25Oct

LinkedIn on Women and Mentoring

 

The other day I wrote about an event I attended that was hosted by MORE Magazine.  One of the sessions was about LinkedIn and was led by their Connection Director, Nicole Williams.  It was fascinating to learn how you can use it for much more than networking – research, finding stories.  We learned that 2nd and 3rd tier contacts are really important to use, and my most important discovery: 90% of companies are now hiring people based on volunteer work.  This stat is relevant to me in so many ways as I do a lot of volunteer work and haven’t incorporated it into my profile yet at all.  She also said that men use the tool a lot more women, but I am sure those figures will change with time (says the feminist in me).

Today LinkedIn released the findings of a study it conducted to learn more about women and their attitudes toward mentoring. The survey results were unveiled during the Pennsylvania Conference for Women, the largest women’s conference in the state with more than 5,000 attendees.

LinkedIn surveyed nearly 1,000 female professionals in the U.S. and found that 19 percent of respondents had never had a mentor. LinkedIn asked the women who hadn’t had a mentor why that was the case. Fifty-two percent of the women noted they hadn’t had a mentor because they had, “never encountered someone appropriate.” As part of the survey, LinkedIn also asked the women who had never been a mentor why they weren’t mentoring another professional, and sixty-seven percent of those respondents said they have never been mentors because, “no one ever asked.”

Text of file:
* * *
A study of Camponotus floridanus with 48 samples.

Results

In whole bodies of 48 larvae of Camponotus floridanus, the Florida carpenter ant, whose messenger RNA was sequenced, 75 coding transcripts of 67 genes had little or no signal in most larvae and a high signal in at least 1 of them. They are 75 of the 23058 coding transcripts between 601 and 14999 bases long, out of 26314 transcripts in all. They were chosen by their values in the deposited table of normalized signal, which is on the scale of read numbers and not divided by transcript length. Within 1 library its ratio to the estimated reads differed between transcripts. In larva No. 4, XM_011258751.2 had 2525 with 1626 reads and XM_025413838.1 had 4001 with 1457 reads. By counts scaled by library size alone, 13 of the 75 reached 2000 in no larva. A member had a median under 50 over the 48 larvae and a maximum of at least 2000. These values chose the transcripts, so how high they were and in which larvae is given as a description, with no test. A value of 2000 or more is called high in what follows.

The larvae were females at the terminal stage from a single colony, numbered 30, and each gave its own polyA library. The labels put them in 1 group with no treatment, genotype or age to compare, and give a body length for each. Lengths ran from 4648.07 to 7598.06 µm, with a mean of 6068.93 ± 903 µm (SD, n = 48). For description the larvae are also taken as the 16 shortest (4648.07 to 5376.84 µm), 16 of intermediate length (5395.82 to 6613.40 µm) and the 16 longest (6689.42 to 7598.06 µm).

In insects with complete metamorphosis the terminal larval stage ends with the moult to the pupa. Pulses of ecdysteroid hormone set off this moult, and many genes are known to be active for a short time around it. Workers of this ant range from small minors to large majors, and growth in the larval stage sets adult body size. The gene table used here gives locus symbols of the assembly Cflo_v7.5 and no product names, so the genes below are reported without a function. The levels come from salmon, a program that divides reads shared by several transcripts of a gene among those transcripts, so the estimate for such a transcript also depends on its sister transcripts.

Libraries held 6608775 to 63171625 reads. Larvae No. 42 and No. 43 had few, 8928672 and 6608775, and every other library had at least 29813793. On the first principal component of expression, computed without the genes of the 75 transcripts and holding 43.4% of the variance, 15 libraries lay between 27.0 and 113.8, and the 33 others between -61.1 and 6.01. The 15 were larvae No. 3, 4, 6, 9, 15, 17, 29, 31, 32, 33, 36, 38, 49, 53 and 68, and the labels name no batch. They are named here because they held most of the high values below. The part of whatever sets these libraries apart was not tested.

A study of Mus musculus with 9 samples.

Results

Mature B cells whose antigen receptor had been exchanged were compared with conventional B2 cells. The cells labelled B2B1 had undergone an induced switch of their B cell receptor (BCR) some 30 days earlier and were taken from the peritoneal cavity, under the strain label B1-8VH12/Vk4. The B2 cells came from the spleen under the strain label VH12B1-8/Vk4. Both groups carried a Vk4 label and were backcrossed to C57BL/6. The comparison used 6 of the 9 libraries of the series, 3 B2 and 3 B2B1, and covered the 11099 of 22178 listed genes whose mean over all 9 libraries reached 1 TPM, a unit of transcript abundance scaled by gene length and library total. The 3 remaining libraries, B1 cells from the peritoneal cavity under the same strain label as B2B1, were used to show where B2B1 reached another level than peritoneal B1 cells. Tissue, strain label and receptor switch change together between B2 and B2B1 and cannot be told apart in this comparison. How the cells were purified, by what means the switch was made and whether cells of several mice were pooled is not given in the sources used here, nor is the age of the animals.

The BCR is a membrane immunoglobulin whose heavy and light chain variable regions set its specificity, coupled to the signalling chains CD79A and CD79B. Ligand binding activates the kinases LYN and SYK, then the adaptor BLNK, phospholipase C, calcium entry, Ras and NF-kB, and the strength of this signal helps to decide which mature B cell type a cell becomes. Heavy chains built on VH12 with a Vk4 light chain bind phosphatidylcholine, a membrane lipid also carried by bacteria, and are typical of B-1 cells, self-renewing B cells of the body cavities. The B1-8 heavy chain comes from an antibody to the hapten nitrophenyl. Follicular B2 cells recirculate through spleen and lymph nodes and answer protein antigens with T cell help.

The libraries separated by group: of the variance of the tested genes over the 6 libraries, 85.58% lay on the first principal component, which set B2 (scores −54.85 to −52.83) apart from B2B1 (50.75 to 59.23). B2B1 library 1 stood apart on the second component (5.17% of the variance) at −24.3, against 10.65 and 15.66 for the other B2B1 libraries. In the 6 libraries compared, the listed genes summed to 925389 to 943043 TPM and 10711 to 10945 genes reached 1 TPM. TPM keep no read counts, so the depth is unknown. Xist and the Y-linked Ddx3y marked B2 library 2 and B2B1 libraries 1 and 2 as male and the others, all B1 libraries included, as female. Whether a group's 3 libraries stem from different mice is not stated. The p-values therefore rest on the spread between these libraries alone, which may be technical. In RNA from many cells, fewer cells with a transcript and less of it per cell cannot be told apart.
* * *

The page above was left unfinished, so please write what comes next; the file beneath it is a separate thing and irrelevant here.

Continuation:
An interesting sign of encouragement from the research is that more women taking the time to mentor other women:

  • More than half, 51 percent, of the Gen Y women (females between 18-29 years old) LinkedIn surveyed noted that they are being or have been mentored by women.
  • Forty-three percent of Gen X females (women between 30-44 years old) noted that they are being or have been mentored by women.
  • Only 34 percent of Boomers (females between 45-66 years old) noted that they are being or have been mentored by women.

LinkedIn’s survey results also revealed the most important reasons why women depend on their professional network:

  1. Professional guidance
  2. Recommendations
  3. Career advancement
  4. Collaboration
  5. Keeping me current on industry news and trends

Job-hunting actually came in last place on the list at number six.

Download an infographic on LinkedIn’s women and mentoring research and get tips on finding a mentor on the LinkedIn Blog: http://lnkd.in/mentoring-women.

 

Disclosure: I was not compensated to feature these results.

 


  1. So funny. I have not joined LinkedIn but I know that I really need too. I just feel social media overwhelmed but as a professional, this is probably the best resource available to me.